Matthew McConaughey has been nominated by the Film Independent Spirit Awards as Best Male Lead for his dark turn as Killer Joe, out on DVD today, and the film's director, Oscar winner William Friedkin (The French Connection, The Exorcist), reveals to ETonline the trick for capturing such incredible, genuine performances -- and some extremely uncomfortable, off-kilter sexual moments -- from his actors.
"It starts with casting. If you haven't cast these roles properly, there's nothing you can do -- then there are no tricks," he says. "Before you get started, you spend a lot of time talking to them, trying to learn as much as you can about the details of their lives, about what pushes their buttons. … [And then] what I go for is to have the actor use sense memory in order to recreate all the emotions that his character is supposed to represent." For example, with McConaughey, "He grew up in East Texas. He remembers guys like Joe. He remembers all of their attitudes, and he wasn't trying to imitate them -- he was channeling them."
Amusingly described as "deep-fried noir," Killer Joe follows Chris (Emile Hirsch), a young man who finds himself in debt to a drug lord and hires "Killer Joe" Cooper (McConaughey) -- a cop who moonlights as a hit man -- to dispatch his mother, who supposedly has a $50,000 life insurance policy that benefits Chris' little sister Dottie (Juno Temple). When Chris can't pay Joe upfront, the creepy hit man sets his sights on Dottie as collateral for the job. What follows is like a modern-day, twisted fairy tale, as Joe becomes the prince to Dottie's Cinderella. Gina Gershon and Thomas Hayden Church also star in the surprisingly twisted Texas tale.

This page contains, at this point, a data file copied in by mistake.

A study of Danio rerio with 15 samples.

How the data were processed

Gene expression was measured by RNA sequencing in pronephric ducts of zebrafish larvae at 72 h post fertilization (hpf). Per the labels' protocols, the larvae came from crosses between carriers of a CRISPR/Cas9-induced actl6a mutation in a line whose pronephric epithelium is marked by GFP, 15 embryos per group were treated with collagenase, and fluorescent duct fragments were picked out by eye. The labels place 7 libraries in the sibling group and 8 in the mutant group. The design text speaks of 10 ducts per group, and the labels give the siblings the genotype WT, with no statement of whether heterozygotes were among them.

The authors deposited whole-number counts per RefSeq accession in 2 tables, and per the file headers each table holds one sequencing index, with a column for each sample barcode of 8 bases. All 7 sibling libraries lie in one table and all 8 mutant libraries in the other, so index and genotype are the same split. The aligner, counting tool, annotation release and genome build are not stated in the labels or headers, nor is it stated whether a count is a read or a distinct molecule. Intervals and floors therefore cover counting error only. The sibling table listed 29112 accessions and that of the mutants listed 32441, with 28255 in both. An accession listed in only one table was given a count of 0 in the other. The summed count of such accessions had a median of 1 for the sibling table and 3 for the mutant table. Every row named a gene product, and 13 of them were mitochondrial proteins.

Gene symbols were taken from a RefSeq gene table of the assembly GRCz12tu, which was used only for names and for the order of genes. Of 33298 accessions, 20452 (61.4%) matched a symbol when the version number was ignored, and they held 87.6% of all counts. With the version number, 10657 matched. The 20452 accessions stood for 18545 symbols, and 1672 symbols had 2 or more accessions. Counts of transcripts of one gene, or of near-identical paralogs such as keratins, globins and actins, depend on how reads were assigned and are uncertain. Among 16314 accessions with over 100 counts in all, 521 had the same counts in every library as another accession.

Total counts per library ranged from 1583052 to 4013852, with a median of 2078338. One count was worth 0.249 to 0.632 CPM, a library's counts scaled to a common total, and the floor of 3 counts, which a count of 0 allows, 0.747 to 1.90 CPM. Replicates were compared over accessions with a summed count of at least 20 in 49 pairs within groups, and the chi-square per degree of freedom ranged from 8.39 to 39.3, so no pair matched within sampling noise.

In addition to the emotional nakedness of the characters, Killer Joe contains copious amounts of physical nakedness -- not to mention one particularly steamy sexual encounter between McConaughey and Temple – and the Oscar winner says with a laugh that his actors simply won't strip down if they're not comfortable about it.
"I had a number of top actresses who wanted to do this, but were concerned about nudity and violence, and the minute those concerns were expressed, I sort of moved on [from considering them]," Friedkin reveals. "Because, what could I tell them? That I was going to try to fake it? Or hide it? Or suggest it? You know, it was all in the script."
The screenplay was written by Pulitzer and Tony Award winner Tracy Letts based on his own stage play, and Friedkin comments, "I think Tracy is certainly one of the very best American dramatists, if not the best, around today." Friedkin also adapted Letts' claustrophobic Bug back in 2006, and he observes, "We have the same world view. We both share the same curiosities and obsessions. We're not troubled by controversial material.
"A lot of people think and have written that I made this film as kind of a reaction against standard Hollywood fare, and there may be some of that in motivation," continues Friedkin. "But I made it because I think it's a great script and I believe in the truthfulness of it. I tend to respond to something that's very, very well written and takes you to extremes -- and produces sometimes discordant emotions."